HAMPTON ——Mike Crawford will be everywhere on Saturday.
Crawford was the driving force behind the founding of Hampton University's club lacrosse team, which began play this season and will celebrate Lacrosse Day, a four-team tournament at Armstrong Stadium, on Saturday.
After falling in love with the sport as a teenager, Crawford wanted to bring it to his college. He drew up a proposal and began enlisting fellow enthusiasts.
Crawford died in December 2010, a semester before his scheduled graduation and a year and a half before his dream became reality. But his presence will loom large as Hampton, Morgan State, Morehouse and alumni from St. Thomas More, Crawford's prep alma mater, take the field to play the game he loved.
"He probably wouldn't even believe that this has all happened," said Verina Mathis-Crawford, Mike's mother.
Mathis-Crawford took up her son's mission after his death from complications caused by an enlarged heart. In doing so, she came to share his passion for a centuries-old game rooted in Native American culture and sometimes called "The Creator's Game," played to bring honor to the spirit of the tribes and their surroundings.
"The sport is bigger than any one person," Mathis-Crawford said. "You're playing for something bigger than yourself."
That's a feeling the Hampton lacrosse players expect to understand on Saturday.
"It's definitely going to be a very emotional day," said HU junior and lacrosse club president Kevin Bennett. "Hearts are going to be heavy. The thought of Mike not being able to be here as we do this, even though he's still with us … it's definitely going to be a very emotional day, but I'm really excited for it."
Bennett, who played lacrosse for four years at Woodlawn High in Baltimore, Md., saw a flier on campus and attended an interest meeting at HU in March of 2011. He was one of 50-plus people in the room — a group that included Mike's parents, who were overwhelmed by the response.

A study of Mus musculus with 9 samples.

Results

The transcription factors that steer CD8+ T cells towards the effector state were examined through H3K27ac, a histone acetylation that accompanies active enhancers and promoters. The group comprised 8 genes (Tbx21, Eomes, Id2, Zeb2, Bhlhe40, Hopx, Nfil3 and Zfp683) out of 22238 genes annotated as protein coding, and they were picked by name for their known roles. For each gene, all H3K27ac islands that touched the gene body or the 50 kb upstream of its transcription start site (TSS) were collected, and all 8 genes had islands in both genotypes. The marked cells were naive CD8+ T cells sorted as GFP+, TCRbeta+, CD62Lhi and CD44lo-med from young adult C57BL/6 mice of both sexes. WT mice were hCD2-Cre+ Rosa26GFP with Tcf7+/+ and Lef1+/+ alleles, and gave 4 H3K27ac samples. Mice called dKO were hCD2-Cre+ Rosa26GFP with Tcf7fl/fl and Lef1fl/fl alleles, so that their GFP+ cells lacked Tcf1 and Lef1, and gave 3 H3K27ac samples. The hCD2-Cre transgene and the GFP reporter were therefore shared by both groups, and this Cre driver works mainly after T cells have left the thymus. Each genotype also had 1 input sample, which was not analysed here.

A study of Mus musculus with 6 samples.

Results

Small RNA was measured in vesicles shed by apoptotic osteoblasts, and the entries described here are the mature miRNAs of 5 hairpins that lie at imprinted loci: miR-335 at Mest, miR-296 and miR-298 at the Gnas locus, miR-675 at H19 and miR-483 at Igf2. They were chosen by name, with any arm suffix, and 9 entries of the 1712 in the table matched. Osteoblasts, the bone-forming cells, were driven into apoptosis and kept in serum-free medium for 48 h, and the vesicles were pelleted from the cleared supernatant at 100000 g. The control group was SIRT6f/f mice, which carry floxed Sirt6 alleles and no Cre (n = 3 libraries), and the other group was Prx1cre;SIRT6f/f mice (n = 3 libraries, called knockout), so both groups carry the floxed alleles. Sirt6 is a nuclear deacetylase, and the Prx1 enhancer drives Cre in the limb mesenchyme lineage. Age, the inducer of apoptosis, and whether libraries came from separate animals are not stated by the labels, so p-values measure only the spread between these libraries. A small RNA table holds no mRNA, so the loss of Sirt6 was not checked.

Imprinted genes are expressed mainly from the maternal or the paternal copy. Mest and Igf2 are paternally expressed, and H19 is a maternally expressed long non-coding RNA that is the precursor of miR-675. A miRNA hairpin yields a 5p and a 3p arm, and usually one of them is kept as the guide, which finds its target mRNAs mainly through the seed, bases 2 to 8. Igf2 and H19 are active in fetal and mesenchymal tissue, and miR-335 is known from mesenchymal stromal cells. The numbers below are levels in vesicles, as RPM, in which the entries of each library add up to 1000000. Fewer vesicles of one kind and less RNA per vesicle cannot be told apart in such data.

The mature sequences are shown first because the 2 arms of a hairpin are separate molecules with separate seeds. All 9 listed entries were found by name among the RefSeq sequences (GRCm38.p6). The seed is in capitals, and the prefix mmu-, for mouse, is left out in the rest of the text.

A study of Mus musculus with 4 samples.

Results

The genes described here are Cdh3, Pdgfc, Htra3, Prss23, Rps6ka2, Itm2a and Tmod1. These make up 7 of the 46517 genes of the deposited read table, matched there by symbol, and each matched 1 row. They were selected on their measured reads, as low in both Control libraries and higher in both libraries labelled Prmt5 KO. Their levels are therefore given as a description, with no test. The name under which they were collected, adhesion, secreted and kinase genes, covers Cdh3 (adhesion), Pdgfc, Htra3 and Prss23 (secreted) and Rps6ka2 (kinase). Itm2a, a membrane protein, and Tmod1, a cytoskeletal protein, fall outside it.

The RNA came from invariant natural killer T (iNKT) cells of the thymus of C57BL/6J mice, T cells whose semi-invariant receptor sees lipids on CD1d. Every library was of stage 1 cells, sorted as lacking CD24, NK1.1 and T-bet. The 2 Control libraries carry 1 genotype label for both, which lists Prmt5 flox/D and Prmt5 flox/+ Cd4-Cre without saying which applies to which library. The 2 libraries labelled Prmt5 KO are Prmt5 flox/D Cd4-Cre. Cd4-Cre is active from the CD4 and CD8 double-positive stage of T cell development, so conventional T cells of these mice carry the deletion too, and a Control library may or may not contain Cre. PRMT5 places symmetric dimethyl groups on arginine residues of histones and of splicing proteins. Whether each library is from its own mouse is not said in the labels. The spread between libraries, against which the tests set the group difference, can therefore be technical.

"We were tapping a level of interest there," Mathis-Crawford said. "We just really nurtured that and helped move it forward."
Lacrosse helped Mike's family move forward, too.
Taking up her son's cause
Mike Crawford came home for Christmas for the last time on Dec. 18, 2010.
Riding home to Brooklyn, N.Y., with his parents after they picked him up at the airport, Mike, a sports management major, told them about an internship he'd just landed and updated them on the progress of his lacrosse proposal.
Ten days later, he died at his parents' home. He was 21.
"The only thing we were told by the medical examiner … was that Mike had an enlarged heart," Mathis-Crawford said. "How it became enlarged or diseased over the years, we'll never know. But Mike left us very quickly and very suddenly. He probably didn't know what happened. He died here in his room."
Even in her grief, his mother couldn't stop thinking about lacrosse.
"It was one of the last things that Mike and I had discussed," she said. "I began to try and pick myself up to see where I could move something forward that really was one of the last things Mike and I had talked about."